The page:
This is a tribute for my friend and colleague John Smith who passed away last week.
It was late autumn (northern hemisphere) 1984 and I was in Hawaii with my partner Linda for a week’s vacation before heading back to North Carolina where I worked as a designer-maker of sculptural furniture. On a whim, I called my home phone to see what business messages might have been left. After listening to this strangely accented voice asking whether or not I would like to come to Tasmania and lecture at the School of Art on a two year contract, I hung up, turned to Linda and said: “Where is Tasmania?”
Two weeks ago I celebrated the 30th anniversary of having arrived in Tasmania in February 1985.
The person with the “strangely accented” voice was British born John Smith. Considering the history (think 1776) between America and England, I am culturally inclined to not speak favourably of anything English; especially, the monarchy.
But without the slightest hesitancy or phoney smile, I can unreservedly say that John Smith, and John Smith alone, gave me the golden ring that would spell out the deeper meaning and purpose of my adult life.
Yes, I, myself, had to grab that gold ring when proffered, but the hand that extended it has to be acknowledged. The hand that shook my hand at the airport upon my arrival thirty years ago has to be acknowledged and that acknowledgement has to be both heartfelt and full of gratitude. Which it is.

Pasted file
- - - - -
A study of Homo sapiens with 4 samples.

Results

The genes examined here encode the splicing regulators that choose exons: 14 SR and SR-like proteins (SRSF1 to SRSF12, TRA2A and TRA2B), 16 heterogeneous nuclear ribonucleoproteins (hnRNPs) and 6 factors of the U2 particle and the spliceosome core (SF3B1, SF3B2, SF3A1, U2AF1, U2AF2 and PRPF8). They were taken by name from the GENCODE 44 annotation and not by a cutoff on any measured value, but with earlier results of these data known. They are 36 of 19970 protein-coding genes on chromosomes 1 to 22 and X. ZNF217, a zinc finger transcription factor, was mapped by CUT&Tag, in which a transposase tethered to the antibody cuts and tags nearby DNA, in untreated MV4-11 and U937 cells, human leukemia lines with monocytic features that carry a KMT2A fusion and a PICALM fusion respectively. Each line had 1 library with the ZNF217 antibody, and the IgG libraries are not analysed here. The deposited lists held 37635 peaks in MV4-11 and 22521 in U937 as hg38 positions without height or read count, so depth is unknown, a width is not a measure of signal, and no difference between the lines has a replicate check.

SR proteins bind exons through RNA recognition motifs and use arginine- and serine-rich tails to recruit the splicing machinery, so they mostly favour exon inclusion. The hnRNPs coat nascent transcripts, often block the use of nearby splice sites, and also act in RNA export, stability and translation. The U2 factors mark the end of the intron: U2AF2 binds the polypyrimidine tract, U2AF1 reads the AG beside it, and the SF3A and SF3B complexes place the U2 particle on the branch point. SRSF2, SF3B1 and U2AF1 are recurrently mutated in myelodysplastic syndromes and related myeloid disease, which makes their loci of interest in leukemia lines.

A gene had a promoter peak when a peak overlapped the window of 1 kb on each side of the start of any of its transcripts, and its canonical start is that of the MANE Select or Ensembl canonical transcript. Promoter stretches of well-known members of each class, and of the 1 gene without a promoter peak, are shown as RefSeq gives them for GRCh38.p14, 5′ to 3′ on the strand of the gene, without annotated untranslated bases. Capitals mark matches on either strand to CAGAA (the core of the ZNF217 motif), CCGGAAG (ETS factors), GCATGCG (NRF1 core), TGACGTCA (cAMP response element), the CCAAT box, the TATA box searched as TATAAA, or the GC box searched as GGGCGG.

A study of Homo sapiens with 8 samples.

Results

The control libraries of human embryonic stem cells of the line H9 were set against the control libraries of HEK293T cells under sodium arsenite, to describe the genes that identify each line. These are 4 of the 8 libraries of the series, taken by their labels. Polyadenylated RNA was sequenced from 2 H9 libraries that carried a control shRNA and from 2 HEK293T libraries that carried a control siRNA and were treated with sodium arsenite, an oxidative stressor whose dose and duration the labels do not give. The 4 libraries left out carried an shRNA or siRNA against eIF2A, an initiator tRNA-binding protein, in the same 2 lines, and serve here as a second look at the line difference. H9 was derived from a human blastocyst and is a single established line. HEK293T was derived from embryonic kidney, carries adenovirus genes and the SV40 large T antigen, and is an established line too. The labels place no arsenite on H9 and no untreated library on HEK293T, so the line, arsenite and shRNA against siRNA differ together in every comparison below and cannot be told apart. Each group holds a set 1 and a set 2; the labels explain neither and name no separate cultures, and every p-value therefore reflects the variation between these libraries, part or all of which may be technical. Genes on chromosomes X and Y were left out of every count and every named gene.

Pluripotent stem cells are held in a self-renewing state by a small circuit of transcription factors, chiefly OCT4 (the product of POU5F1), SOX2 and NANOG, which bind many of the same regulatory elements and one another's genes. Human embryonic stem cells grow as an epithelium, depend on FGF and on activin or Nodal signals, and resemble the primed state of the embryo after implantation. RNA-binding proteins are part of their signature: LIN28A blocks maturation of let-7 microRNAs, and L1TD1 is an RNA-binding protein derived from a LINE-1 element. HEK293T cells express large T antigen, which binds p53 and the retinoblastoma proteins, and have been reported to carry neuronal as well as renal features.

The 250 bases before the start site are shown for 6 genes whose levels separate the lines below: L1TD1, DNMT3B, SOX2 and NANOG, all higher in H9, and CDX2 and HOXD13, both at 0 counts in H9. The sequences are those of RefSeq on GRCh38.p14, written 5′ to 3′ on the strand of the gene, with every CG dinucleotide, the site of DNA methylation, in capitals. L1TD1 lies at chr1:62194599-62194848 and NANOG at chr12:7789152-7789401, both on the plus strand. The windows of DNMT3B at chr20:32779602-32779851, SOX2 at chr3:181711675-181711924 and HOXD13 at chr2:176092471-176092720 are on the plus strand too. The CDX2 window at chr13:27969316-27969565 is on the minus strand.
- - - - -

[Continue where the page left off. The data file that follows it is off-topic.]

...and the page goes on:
Without a doubt, the shaping of my adult life, the deep ecological perspective of my art work, the eco-feminist nature of my home Windgrove, and, the fulsomeness of my creative life could only have happened by John placing that original phone call. For this I will be forever in debt to John’s physical existence on this earth.
And herein lies the strength and legacy of John Smith. Without his determined vision to create a world class design-in-wood department at the School of Art, there would hardly be a ripple of designer-makers in Tasmania making their living out of their craft. Just like Claudio Alcorso had the vision to create a vibrant wine industry in Tasmania — against the “perceived wisdom” of the day — John Smith stuck to his belief that Tasmania could educate and foster the talents of many people.
Like all artists and people of vision, John had his critics. And, at times, this would include me. But underlining every engagement with John, whether in agreement or disagreement, the look in his eyes spoke of a steely determination to achieve his dream. This, surely, must be admired.
Today, just as there are over 250 vineyards springing up across all of Tasmania, designer-makers are also springing up across this small state. In both cases, my guess is that most people will not know who laid the foundation stones for their respective careers to survive and flourish. They should, though, know this history.
I’m not suggesting that we build a statue of John in front of the School of Art. However, a simple plaque carved in huon pine and then cast in white fibreglass polished to the highest shine — this, now, would be symbolic and appropriate.
….The above photo of John was from the 1980′s when I arrived in Tasmania.